In The Complete Poems of Michelangelo, Gianluca Rizzo reproduces Joseph Tusiani’s masterful translation of Michelangelo’s poems. Read the author’s full Q&A about the book below:
1) Tell us about when the idea for compiling this book first came to fruition. Is there a story behind it?
This book was born out of my conversations and continued collaborations with Prof. Luigi Ballerini, a fixture of the Italian Studies scene in North America. He put me in touch with Prof. Anthony Julian Tamburri, whose intellectual generosity and love for Italian literature (regardless of whether it was written on one side of the pond or the other) is infectious. Through Prof. Tamburri, I was introduced to Joseph Tusiani, and our very first conversation, on that faithful day in October 2019, has found its way into this volume. Meeting Tusiani was a rare treat, as he had been (and still very much was when I met him) a pillar of the Italian American intellectual community in New York City. In a matter of minutes, Prof. Tamburri, Prof. Tusiani, and myself were chatting it up, like we had always known each other. It was clear to me that the three of us shared the same appreciation for literary translations: not only a necessary tool for inter-cultural and inter-linguistic communication, but actually one of the great modes of modernist (or perhaps even, more simply, modern) writing. Tusiani was a master of the in-between space that separates and, at the same time, binds together Italian and English. It has been a true delight to bring his work back into print and circulation.
2) What was the most challenging aspect of this project?
This project posed an interesting challenge from a philological point of view. I know that doesn’t sound too sexy, but it was actually an interesting little conundrum. Tusiani’s translation had originally been published without the facing Italian original. In order to make the translation shine even brighter, I wanted to add the Italian. Tusiani had used Frey’s edition of the Rime (1897), the best one available at the time. However, the same year The Complete Poems was published, Enzo Noè Girardi issued a new, updated, and much more authoritative edition of Michelangelo’s canzoniere, one that radically changed the order in which the poems were presented, and made small adjustments to some of the poems. What to do? After much handwringing, I decided to go with Girardi’s edition and I rearranged the order of Tusiani’s translations to match it. I think this solution gives us a vivid image of how thriving the study of Michelangelo’s works was around 1961: a wonderful time capsule, as well as a thoroughly enjoyable and useful volume for our contemporary readers.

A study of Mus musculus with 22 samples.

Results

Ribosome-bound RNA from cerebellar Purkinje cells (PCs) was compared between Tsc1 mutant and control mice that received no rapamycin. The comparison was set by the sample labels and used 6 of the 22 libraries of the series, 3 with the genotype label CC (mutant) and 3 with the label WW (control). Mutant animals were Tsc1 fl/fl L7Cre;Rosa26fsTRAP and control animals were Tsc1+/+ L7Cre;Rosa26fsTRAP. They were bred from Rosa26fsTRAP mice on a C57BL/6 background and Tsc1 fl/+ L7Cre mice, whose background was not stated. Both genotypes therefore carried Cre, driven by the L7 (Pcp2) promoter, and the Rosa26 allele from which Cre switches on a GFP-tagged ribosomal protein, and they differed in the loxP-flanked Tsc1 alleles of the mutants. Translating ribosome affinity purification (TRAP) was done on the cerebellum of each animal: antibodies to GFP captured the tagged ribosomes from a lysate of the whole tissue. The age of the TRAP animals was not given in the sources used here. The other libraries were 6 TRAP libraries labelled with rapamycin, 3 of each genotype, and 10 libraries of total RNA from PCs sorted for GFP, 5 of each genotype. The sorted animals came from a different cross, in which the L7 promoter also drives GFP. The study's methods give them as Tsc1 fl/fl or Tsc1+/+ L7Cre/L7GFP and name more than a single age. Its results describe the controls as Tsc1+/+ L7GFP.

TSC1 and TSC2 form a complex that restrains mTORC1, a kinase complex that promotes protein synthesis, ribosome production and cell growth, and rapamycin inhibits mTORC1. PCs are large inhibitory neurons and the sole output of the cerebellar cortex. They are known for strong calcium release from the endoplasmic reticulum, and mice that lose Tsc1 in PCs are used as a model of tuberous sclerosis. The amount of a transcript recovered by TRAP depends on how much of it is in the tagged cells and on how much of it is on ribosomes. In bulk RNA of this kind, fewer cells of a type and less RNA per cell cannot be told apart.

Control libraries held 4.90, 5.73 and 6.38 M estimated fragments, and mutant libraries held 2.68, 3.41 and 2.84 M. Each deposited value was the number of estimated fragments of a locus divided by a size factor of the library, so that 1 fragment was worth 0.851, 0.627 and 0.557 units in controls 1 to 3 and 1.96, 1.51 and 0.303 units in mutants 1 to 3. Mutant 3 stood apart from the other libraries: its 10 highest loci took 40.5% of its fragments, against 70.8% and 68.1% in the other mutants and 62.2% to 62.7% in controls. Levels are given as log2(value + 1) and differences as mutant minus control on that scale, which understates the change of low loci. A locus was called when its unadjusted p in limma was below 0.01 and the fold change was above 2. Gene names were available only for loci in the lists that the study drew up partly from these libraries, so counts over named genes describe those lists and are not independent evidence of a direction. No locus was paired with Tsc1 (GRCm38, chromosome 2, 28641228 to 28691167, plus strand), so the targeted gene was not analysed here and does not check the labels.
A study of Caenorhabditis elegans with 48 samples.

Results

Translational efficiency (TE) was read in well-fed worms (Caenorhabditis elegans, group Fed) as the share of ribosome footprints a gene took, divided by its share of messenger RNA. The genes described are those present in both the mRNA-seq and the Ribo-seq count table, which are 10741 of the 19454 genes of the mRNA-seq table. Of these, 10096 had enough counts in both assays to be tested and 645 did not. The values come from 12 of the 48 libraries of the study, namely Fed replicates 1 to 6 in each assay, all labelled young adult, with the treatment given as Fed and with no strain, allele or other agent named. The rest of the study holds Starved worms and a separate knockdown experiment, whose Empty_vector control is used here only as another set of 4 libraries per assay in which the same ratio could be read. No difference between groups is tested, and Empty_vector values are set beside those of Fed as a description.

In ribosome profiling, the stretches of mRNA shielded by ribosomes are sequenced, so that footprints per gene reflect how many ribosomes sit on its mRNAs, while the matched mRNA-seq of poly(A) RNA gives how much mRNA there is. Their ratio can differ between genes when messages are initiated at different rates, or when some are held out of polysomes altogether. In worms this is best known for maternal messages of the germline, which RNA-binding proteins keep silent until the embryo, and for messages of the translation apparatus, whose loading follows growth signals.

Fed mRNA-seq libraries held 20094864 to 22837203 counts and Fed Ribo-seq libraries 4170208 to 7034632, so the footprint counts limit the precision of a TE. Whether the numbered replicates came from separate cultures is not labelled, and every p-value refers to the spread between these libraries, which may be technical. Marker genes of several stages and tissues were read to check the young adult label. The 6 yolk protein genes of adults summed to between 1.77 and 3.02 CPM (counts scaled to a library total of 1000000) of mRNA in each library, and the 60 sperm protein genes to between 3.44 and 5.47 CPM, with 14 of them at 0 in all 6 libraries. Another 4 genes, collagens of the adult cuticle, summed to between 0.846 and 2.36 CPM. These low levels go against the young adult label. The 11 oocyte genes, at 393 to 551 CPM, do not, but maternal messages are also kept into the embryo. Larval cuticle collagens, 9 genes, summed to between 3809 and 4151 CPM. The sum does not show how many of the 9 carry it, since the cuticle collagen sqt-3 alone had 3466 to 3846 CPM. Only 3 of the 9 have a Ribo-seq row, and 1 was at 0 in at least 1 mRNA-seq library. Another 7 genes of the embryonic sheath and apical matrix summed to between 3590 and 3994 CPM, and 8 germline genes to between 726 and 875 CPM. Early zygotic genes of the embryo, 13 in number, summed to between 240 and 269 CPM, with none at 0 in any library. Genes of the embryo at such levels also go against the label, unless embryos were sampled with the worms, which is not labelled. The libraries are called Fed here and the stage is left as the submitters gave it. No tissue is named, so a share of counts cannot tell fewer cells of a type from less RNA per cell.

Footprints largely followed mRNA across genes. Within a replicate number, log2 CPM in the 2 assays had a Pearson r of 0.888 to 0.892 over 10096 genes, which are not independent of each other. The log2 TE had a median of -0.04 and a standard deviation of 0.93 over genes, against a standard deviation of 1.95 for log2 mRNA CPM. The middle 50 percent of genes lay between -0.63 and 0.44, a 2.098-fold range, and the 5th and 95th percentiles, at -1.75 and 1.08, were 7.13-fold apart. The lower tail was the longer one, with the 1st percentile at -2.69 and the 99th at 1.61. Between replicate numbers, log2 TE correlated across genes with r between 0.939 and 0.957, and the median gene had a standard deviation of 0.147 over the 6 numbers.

3) What was your experience working with the editor/editors of this book?
It was great to work with Suzanne Rancourt and Barb Porter, who followed the entire process, from start to finish, with great professionalism and warmth. I am very pleased with the way the book has turned out!
4) What was the most surprising thing you found/discovered in your research process for this book (while reading Michelango’s poems and writings…etc?)
Michelangelo’s impetuous creative process caused him to leave some of his works unfinished. This gave critics, in spite of the long centuries that separate us, a chance to glimpse at the unparallel technique, the deep intuition, the vigorous nature of his inspiration. Similar considerations could be made regarding Michelangelo’s poetry. They offer a window into the life of the master, both his quotidian, sometime banal routines, as well as his recurring fears and existential obsessions. In his poems, quick notes to thank friends and acquaintances for small gifts of foodstuff are recorded right next to passionate reflections on mortality, faith, and the role that art can have in either saving or damning one’s immortal soul. Such range of emotions, themes, circumstances, and thoughts presents endless challenges to the translator. This is where, I think, Tusiani’s skill is most evident: he never backs away from that challenge, poem after poem. In the end, I think he achieves what all translators aspire to do (but are often too modest to admit): influence the way a classic is read and received in the target language. Tusiani definitely succeeded in this regard, and I feel like I got to learn a few tricks from a great master.